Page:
Description

Houyhnhnms Land and the Coast of Australia -- From Gulliver's Travels

The Houyhnhnms are a race of intelligent horses described in the last part of Jonathan Swift's satirical Gulliver's Travels.    

The map shows Houyhnhnms Land to be south of Australia; it indicates Edels Land and Lewins Land to the north, and Nuyts Land to the north-east, on the mainland with the islands of St Francis and St Pieter further east, and Sweers, Maatsuyker and De Wit islands to the east. The map is somewhat careless with the scale, however; Edels Land to Lewins Land are shown adjacent, while in reality they are some 600 miles apart, while the sweep of the Great Australian Bight, from Cape Leeuwin, Australia's south-westerly point to the Maatsuyker Islands, off the southern tip of Tasmania, is nearly 2000 miles. 

The Houyhnhnms are rational, equine beings and are masters of the land, contrasting strongly with the Yahoos, savage humanoid creatures who are no better than beasts of burden, or livestock. Whereas the Yahoos represent all that is bad about humans, Houyhnhnms have a settled, calm, reliable and rational society. Gulliver much prefers the Houyhnhnms' company to the Yahoos', even though the latter are biologically closer to him.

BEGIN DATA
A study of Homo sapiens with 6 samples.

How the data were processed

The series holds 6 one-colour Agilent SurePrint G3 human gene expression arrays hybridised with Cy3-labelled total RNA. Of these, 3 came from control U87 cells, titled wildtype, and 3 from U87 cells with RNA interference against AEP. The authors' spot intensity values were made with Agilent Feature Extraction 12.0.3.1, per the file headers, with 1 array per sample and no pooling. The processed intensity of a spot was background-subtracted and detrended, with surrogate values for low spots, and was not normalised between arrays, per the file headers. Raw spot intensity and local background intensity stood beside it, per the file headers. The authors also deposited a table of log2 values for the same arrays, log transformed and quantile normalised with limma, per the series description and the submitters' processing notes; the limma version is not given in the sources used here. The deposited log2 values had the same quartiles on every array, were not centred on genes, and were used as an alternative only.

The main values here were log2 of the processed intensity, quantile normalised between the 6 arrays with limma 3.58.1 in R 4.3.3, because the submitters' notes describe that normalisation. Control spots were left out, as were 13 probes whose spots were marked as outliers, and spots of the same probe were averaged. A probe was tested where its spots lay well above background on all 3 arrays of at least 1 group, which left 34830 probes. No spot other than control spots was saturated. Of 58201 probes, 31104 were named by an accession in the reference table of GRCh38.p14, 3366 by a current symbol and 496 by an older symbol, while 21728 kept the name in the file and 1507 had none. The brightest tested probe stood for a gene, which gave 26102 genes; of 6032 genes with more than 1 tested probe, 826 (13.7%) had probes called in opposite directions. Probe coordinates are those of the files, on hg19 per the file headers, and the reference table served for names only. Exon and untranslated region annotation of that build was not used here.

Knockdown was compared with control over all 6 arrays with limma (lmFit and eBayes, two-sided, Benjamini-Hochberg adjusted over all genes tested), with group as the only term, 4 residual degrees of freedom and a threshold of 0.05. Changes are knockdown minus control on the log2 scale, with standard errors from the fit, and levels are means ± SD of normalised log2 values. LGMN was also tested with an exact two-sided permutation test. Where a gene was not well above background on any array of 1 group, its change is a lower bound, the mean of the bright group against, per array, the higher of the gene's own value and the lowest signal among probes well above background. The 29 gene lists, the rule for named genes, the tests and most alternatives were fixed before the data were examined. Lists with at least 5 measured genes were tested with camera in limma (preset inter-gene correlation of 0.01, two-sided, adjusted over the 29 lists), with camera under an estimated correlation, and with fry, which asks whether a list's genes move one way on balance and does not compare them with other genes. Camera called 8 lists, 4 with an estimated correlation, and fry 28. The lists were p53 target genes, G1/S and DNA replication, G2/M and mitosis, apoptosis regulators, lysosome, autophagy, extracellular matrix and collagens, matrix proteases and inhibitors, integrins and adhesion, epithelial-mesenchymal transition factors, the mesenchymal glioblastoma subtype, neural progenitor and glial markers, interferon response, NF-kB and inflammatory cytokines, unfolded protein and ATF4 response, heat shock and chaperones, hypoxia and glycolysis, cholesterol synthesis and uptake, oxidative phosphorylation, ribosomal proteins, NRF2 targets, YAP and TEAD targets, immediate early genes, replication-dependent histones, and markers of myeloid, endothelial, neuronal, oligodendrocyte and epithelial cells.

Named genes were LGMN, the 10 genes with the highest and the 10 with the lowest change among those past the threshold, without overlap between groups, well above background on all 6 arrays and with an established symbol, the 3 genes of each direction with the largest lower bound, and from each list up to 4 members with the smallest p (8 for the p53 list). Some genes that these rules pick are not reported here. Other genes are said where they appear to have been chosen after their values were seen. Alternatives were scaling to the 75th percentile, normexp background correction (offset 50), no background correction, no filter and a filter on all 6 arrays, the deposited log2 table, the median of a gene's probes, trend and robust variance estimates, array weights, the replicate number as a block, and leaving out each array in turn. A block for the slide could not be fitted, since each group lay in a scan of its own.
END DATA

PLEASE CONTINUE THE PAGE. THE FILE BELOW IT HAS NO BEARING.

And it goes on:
The map appeared in Gulliver's Travels. The full title is:

Travels Into Several Remote Nations of the World; By Lemuel Gulliver, First a Surgeon, and then a Captain of Several Ships.  In Four Parts.  Part I.  A Voyage to Lilliput.  Part II.  A Voyage to Brobdingnag. Part II.  A Voyage to Laputa, Balnibarbi, Luggnagg, Glubbdubrib, and Japan.  Part IV.  A Voyage to the Country of the Houyhnhnms.  London, Printed for C. Bathurst.  MDCCLXVIII

Gulliver's Travels is a prose satire by Irish writer and clergyman Jonathan Swift, that is both a satire on human nature and the "travellers' tales" literary subgenre. It is Swift's best known full-length work, and a classic of English literature. He himself claimed that he wrote Gulliver's Travels "to vex the world rather than divert it".  The book became popular as soon as it was published. John Gay wrote in a 1726 letter to Swift that "It is universally read, from the cabinet council to the nursery."

Gulliver begins his travels in May of 1699 and travels until December 1715.  

The present map appeared in the 1768 edition of the book.